McGinley… O’Hare… Finlay… Conley… Tierney… A list of Rose Hill’s buildings could be mistaken for a phonebook from Dublin.
The buildings are not the only bit of Ireland here at Fordham. Fordham’s founder, Archbishop John Hughes — the famous Dagger John — was born in Ireland.
The College’s first president, Archbishop John McCloskey, had Irish blood — a trait shared by Rev. Joseph M. McShane, S.J., president of the University. Fordham’s Irish-ness isn’t just a relic of the past.
The first bar many of us ever went to, The Jolly Tinker, is an Irish bar owned by an Irishman.
“Fordham is definitely encouraging of the Irish culture… because at one point, the Bronx was a very Irish area,” Megan Scully, FCRH ’15, said. As co-host of Ceol nan Gael, WFUV’s weekly Irish radio program, she’s among the best ambassadors of Irish culture at Fordham.
Scully says the Bronx maintains some heavily Irish neighborhoods, especially Woodlawn in the North Bronx. Yonkers, immediately north of the Bronx, also has an extremely strong Irish presence, especially along McLean Avenue.
Historically, the Irish had a greater presence in the borough, even some in Fordham’s front yard.
“Fordham Road used to be a very Irish area,” Scully said. When her grandparents emigrated from Ireland in the late 1950s, they settled in the area of Fordham Road west of the University.
Scully says there is even a famous song by the Irish band The Wolfe Tones called “Streets of New York” where it’s mentioned: “’Go ahead with the plans / And not to forget be a proud Irish man’/ So I went to Nellies beside Fordham Road and I started to learn about lifting the load.”
Scully carries on her family’s Irish-Bronxite tradition every Sunday by co-hosting Ceol nan Gael with Tara Cuzzi, FCRH ’14, but their show is only one of numerous Irish shows on Fordham’s radio station. “Míle Fáilte” and “A Thousand Welcomes” are broadcast live from campus on Saturday mornings. WFUV also plays “The Thistle & Shamrock,” a nationally syndicated show from NPR.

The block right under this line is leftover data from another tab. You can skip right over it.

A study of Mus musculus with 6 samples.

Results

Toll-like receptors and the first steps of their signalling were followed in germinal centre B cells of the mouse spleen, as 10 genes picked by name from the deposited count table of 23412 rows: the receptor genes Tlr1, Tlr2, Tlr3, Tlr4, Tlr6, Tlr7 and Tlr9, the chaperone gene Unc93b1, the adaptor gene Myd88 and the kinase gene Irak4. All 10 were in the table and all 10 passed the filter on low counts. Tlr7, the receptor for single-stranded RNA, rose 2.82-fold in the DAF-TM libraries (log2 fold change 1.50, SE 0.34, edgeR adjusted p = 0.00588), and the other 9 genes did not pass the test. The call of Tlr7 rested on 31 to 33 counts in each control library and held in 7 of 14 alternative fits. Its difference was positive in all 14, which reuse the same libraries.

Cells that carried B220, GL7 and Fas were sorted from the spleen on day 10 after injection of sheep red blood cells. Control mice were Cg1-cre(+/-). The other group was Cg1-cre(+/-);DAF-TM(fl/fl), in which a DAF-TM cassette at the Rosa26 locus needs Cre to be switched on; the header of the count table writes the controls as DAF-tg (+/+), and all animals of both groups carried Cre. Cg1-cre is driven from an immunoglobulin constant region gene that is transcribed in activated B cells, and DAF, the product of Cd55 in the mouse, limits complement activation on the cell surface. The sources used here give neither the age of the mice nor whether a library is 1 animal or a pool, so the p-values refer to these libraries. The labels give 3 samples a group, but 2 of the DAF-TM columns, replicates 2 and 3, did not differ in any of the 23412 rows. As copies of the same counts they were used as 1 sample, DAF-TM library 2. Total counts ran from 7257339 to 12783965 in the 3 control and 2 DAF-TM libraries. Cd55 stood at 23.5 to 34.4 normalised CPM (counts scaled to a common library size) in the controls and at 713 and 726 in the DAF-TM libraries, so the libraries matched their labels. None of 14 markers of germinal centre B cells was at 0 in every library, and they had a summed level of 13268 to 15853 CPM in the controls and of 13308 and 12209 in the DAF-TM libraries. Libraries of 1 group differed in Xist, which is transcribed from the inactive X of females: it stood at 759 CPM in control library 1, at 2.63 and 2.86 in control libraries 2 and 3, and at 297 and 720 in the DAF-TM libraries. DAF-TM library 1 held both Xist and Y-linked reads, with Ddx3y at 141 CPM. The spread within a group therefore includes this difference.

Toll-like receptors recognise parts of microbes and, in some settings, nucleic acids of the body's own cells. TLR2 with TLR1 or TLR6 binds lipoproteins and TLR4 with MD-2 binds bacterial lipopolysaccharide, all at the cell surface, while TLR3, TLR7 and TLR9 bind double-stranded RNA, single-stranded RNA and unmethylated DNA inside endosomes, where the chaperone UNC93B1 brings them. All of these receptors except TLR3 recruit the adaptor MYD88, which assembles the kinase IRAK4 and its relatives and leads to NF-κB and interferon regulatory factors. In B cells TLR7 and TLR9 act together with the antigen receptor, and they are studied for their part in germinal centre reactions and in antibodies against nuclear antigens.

Fordham shows its Irish side in other ways as well. The University hosts an Institute of Irish Studies, an interdisciplinary program that aims to educate students about Ireland and offers a minor in Irish Studies to undergrads.
Rose Hill also hosts the student-run Gaelic Society that “aims to promote an awareness, understanding, and appreciation of Irish culture.” The society has sponsored movie nights, lectures and Irish dance performances, among other events.
They will host the popular band, Celtic Cross, on campus sometime in April, according to Scully. Most visibly, the Gaelic Society organizes the Fordham group’s march in the city’s annual St. Patrick’s Day Parade.
Exemplifying the Irish spirit Fordham brought a strong delegation this year despite snow falling along the route.
“The Irish will always be a part of New York City,” Scully said. “I’m not sure where or what the population will be like but they’ll always be there.”